Julius Baer Holding AG's reputation as a stable and constant private bank is one of its most prized assets and protecting it is a top priority, its head of risk said.

Bernhard Hodler, the Swiss bank's chief risk officer, said he worries about possible damage to the Swiss bank's reputation far more than markets, credit or operational risks.

"Reputational risk is the largest risk before, during and after the financial crisis — greater than the combination of most other risks," Hodler said.

The damage to a bank's business once its image has been tarnished was made evident through the travails of Julius Baer's bigger rival UBS AG. UBS first made negative headlines by losing billions of dollars on investments related to the troubled U.S. market for home loans to clients with a bad credit history. Just when UBS started to emerge from this crisis, it was drawn into a protracted dispute with U.S. tax authorities for helping clients avoid paying taxes.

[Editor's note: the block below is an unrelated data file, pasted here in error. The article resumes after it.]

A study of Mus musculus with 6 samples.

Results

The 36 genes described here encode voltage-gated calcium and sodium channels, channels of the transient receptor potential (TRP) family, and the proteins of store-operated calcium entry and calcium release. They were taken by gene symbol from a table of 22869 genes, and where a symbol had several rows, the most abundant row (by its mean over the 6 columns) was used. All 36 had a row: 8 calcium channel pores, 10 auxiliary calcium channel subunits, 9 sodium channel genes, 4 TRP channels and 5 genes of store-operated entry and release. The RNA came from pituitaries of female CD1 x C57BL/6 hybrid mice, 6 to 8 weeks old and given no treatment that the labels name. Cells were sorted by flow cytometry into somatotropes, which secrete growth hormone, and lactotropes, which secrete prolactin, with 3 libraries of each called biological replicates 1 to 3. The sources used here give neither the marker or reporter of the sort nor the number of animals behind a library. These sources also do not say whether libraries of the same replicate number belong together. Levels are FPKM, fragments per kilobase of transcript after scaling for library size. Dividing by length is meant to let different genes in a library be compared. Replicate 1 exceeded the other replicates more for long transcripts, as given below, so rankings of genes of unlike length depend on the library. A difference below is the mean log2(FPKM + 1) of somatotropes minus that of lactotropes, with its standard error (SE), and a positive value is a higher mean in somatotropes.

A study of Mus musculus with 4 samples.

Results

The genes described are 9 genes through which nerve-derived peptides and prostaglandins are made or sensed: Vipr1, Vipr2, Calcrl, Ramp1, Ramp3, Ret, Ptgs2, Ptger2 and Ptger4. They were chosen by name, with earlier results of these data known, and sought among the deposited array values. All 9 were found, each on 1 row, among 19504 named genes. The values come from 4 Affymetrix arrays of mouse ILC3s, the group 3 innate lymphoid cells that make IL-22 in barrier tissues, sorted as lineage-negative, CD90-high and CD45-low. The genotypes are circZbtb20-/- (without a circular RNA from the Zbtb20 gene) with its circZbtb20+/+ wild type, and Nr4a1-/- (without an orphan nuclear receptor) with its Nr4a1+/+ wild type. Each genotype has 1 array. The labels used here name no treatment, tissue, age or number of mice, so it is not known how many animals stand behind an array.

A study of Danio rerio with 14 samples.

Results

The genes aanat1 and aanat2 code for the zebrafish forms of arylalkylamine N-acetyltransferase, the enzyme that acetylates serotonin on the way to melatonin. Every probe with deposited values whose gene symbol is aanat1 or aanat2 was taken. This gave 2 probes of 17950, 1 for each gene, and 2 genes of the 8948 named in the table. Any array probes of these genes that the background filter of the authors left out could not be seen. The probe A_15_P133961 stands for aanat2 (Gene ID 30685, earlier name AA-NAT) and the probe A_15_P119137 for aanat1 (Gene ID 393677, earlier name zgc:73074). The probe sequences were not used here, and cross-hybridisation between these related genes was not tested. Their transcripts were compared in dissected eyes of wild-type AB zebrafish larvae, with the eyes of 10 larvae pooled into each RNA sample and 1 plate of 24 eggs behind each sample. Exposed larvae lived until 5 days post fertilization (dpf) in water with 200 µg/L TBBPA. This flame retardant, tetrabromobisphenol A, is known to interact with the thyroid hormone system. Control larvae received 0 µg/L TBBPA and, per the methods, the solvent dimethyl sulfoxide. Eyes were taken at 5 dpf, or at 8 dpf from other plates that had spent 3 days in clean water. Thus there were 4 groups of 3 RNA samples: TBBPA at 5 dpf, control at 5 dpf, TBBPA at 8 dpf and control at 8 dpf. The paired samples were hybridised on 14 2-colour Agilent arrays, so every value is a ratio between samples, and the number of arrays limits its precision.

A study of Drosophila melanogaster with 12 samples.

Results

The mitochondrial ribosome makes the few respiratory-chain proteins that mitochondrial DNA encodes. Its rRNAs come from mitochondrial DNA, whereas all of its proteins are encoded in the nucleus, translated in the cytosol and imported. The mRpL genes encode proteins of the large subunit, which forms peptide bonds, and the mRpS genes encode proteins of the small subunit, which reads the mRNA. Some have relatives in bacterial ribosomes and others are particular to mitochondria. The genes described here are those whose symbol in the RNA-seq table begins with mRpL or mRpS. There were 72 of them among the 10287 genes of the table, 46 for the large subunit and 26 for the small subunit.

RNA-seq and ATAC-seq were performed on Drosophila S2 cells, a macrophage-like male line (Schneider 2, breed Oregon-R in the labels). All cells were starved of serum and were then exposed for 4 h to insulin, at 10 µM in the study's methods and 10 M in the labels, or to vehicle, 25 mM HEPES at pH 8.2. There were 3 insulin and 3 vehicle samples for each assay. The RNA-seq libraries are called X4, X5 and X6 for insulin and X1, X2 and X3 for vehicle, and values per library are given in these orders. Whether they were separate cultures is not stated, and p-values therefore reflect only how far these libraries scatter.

News reports on these events resulted in a client exodus that is continuing even though the Swiss government stepped in last year to boost UBS' capital and clients no longer worried that UBS might fail.

Though its reputation has not been tarnished, Julius Baer has generated far more headlines than its competitors since 2005, when it transformed from a staid, slow-growing family firm into an aggressive private bank in hiring and winning clients and assets.

Integrating a 2005 acquisition from UBS aside, Julius Baer has been kept busy with unexpected management changes such as the suicide in December of private banking head Alex Widmer.

Hodler said Julius Baer's main defense against damage to its reputation is a conservative strategy. It refuses certain clients, business activities or products.

That generally paid off handsomely during the financial crisis for focused players such as Baer, which does not operate an investment bank and does little trading and lending. A similarly positioned rival, the privately held Rothschild Bank, posted only a mild fall in profit for the year that ended March 31, saying clients had sought a safe harbor in its conservative risk-taking.

Hodler said, "The conservatism in how we operate has been in our DNA for a long time and has been pursued consistently."